Survey suggests need for improvements in clinical practice, training, and communication on this topic

anesthesia mask

TUESDAY, Dec. 15, 2015 (HealthDay News) -- A recent survey of pediatric anesthesia programs at teaching institutions in the United States highlights the need for improvements in training, clinical practice, and communication related to neurotoxicity associated with general anesthesia in young children, according to research published in the January issue of Pediatric Anesthesia.

Christopher G. Ward, M.D., of the Children's Hospital of Philadelphia, and colleagues sent a 22-question online survey to members of the Pediatric Anesthesia Leadership Council and the Pediatric Anesthesia Program Directors Association. The survey was divided into sections on Faculty/Trainees, Parents, and Non-Anesthesia Providers. Survey responses were solicited by e-mail with follow-up e-mail reminders.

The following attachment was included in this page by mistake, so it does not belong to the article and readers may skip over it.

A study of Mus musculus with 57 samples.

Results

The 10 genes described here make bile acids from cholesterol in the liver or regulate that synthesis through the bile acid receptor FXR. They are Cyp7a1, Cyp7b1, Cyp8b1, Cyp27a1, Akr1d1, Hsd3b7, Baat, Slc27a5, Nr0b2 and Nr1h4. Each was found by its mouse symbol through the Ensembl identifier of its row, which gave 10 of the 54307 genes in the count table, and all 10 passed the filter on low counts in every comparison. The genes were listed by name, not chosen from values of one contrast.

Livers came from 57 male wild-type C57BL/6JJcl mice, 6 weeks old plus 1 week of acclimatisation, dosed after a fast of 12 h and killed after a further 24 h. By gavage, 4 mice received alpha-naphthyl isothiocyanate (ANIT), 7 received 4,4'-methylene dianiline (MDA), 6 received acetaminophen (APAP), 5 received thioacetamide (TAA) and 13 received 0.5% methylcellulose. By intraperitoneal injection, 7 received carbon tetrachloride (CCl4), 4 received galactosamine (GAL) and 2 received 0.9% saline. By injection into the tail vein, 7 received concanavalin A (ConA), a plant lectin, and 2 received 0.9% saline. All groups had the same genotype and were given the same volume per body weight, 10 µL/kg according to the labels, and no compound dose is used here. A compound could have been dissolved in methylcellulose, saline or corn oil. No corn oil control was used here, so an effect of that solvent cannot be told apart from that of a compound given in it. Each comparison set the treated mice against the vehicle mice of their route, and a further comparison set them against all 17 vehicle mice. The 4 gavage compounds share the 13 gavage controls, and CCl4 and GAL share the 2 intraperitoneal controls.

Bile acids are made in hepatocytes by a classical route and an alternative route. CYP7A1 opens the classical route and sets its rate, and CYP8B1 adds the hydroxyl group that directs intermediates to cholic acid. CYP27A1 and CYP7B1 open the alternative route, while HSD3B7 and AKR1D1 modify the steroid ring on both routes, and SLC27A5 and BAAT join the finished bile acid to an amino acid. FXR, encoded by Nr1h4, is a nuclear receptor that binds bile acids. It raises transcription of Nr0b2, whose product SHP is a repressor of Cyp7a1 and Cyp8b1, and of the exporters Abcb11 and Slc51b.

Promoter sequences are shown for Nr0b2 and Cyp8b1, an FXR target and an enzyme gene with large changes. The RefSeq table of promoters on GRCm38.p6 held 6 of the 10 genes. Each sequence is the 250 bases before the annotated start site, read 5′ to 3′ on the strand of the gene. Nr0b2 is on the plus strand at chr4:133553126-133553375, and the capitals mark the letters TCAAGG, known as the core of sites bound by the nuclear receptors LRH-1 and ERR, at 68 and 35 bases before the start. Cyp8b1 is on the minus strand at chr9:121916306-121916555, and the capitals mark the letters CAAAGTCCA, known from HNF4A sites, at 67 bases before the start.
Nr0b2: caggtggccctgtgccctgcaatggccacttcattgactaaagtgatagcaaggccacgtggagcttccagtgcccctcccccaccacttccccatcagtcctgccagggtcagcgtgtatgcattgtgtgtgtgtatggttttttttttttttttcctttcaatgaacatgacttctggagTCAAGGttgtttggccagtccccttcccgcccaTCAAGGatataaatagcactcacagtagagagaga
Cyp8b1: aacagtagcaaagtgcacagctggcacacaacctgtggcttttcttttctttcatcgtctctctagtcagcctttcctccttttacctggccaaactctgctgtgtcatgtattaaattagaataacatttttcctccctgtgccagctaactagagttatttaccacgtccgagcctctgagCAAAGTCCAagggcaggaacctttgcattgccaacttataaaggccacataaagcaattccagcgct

The researchers found that U.S. programs for pediatric anesthesia lack consistency in their approach to managing the topic of anesthesia-related neurotoxicity among pediatric anesthesiologists, pediatric anesthesiology residents, pediatric anesthesiology fellows, and their non-anesthesia medical and surgical colleagues. Policies and materials for discussing this topic with parents also are lacking.

"A significant need exists to provide information to other pediatric professionals and parents," the authors write. "A consistent message from all providers that includes what is known, and indeed more importantly what is not known, may be a useful approach."